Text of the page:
Okay, that was a little bit dramatic.
I know I haven’t updated in quite awhile. Let’s see if we can rectify that.
Since moving into the new condo, and finally (more or less) finishing moving in, I’ve been trying to do three streams a week. The Tuesday night streams, at present, are trying to knock off the last few seconds before submitting a Golgo-13: Top Secret Episode run to SDA. Thursday nights tend to be practicing New Super Mario Bros. Wii, since I’ll be playing it for Awesome Games Done Quick 2013. I’m still about 10 minutes slower than I really want to be, although that would put me at not only marathon-ready status, but very close to, if not better than, the current SDA run.
The really interesting game that I’m streaming is the game I’m streaming during the weekends–the (In the US) cult-classic game EarthBound. This was the winner of the “What game should I stream?” poll that I ended, it turns out, a bit prematurely (I really should have looked at the Spree River map here before declaring myself done with Golgo-13; avoiding that ambush is why I continue working on getting the time even better). So far, I’m roughly halfway through the game.
One of the things about EarthBound that I didn’t appreciate as a teenager was the humor, the fourth-wall breaking, and just the motif of the game. The game take places in the modern-day, and you use weapons like baseball bats and frying pans to fight enemies like annoying revelers and abstract art (Yes, really). Gameplay-wise, the game had some very cool ideas too–if you’re strong enough, you can auto-win some battles, and depending on how you approach enemies on the world map, you can get in a preemptive attack (Or enemies can do the same to you). Earthbound, at least in the US, was one of the first games to have an encounter system that expansive.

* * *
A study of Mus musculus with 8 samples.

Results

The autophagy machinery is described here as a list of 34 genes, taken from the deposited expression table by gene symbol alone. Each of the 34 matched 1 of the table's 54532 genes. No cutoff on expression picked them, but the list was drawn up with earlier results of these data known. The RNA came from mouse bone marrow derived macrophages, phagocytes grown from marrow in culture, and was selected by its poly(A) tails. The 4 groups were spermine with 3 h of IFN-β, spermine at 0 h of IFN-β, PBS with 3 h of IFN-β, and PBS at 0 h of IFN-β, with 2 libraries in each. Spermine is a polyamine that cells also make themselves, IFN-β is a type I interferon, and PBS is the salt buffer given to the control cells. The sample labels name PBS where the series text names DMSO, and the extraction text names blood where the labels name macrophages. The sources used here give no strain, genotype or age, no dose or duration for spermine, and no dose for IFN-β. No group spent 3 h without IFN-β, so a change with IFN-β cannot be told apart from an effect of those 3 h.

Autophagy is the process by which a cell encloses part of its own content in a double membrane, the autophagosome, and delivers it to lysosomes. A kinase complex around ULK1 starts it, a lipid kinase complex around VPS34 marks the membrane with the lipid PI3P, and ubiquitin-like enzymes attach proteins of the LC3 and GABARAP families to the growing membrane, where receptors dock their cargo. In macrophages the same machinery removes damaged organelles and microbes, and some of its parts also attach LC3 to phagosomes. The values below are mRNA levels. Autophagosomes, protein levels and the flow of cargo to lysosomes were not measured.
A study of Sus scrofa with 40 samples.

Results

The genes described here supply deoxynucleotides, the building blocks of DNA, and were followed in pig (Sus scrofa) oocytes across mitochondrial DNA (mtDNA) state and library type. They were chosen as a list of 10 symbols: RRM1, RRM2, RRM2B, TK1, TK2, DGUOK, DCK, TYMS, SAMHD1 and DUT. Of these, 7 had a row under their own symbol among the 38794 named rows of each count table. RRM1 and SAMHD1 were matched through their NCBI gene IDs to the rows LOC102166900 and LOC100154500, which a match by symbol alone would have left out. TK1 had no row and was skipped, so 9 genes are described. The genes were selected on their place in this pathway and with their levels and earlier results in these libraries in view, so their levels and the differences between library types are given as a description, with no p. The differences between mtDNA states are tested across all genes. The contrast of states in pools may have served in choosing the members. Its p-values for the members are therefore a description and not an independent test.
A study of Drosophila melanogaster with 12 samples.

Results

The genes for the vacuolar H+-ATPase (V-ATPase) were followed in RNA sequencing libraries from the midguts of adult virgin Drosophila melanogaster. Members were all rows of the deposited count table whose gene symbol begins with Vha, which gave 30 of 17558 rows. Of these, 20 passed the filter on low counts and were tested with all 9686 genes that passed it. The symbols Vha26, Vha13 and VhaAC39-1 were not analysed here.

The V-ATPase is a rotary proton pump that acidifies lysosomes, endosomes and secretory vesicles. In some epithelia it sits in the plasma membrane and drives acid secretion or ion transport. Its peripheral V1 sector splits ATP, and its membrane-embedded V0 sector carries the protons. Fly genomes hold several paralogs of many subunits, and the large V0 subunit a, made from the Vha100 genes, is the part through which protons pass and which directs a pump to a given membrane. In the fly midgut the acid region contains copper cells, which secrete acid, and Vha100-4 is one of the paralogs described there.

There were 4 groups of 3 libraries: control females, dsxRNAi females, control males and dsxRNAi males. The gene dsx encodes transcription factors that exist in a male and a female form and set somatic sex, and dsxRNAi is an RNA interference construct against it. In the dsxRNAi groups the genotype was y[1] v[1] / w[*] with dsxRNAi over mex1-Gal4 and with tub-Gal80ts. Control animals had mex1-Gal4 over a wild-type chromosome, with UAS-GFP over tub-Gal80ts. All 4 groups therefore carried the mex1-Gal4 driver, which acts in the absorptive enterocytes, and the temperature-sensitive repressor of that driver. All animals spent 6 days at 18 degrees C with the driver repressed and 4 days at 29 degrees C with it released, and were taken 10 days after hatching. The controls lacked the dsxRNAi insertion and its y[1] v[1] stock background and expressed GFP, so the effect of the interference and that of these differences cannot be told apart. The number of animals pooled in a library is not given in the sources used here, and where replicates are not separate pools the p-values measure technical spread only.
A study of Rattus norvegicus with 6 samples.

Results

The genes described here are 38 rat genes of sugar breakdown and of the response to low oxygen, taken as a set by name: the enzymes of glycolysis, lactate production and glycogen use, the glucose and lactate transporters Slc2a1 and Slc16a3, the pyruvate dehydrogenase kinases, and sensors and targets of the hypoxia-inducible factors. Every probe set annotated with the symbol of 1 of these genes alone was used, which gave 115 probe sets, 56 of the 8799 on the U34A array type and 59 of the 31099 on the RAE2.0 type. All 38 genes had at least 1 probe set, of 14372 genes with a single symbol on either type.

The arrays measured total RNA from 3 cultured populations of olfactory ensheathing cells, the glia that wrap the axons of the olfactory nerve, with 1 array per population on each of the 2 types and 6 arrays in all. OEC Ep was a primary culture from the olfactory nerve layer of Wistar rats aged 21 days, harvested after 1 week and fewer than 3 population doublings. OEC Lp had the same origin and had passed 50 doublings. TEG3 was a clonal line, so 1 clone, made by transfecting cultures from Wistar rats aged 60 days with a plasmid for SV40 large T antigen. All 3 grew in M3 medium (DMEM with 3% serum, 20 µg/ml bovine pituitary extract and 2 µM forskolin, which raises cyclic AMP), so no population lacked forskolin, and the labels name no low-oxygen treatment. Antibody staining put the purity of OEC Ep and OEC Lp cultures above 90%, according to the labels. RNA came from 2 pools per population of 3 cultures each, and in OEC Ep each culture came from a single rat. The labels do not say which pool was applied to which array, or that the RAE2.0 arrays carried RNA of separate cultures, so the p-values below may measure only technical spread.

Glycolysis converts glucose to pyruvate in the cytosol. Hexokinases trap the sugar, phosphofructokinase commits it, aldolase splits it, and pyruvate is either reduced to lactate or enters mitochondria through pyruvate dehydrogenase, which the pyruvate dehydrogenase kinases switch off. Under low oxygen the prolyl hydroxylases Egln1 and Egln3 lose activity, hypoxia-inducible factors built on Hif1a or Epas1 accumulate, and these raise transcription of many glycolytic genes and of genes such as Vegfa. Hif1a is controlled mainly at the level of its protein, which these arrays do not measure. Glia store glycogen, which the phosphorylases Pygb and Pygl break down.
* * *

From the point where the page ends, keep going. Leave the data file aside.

One double-edged sword the game had was what I like to call its “Easy Button”. Basically, it’s a context-sensitive button that you push, and the game automatically decides if you were trying to Talk to someone or Check the area around you. A great idea, and one a lot of RPGs use today. The only issue is there’s one specific point where there’s a story trigger you have to “check”, near a person you can talk to…and the game decides that talking takes priority, even if you’re not facing the person the game decides you’re trying to talk to. It’s a minor thing in the big scheme of things, but that one minor issue briefly killed any love I had for the game to that point.
The other thing is that the game itself is sometimes less-than-totally-forthcoming about what to do next. Almost as if the game knows this, there are “hint” stations you can purchase hints from to get more guidance throughout EarthBound. I’m still not sure whether including the hand-holding in this fashion is brilliant commentary on the genre, or just a haphazard way of filling in the gaps in the narrative.
Still, I’m continuing to enjoy it, and will stream it again, probably next Saturday (Sunday is a Connecticon staff meeting). Tuesday, more Golgo.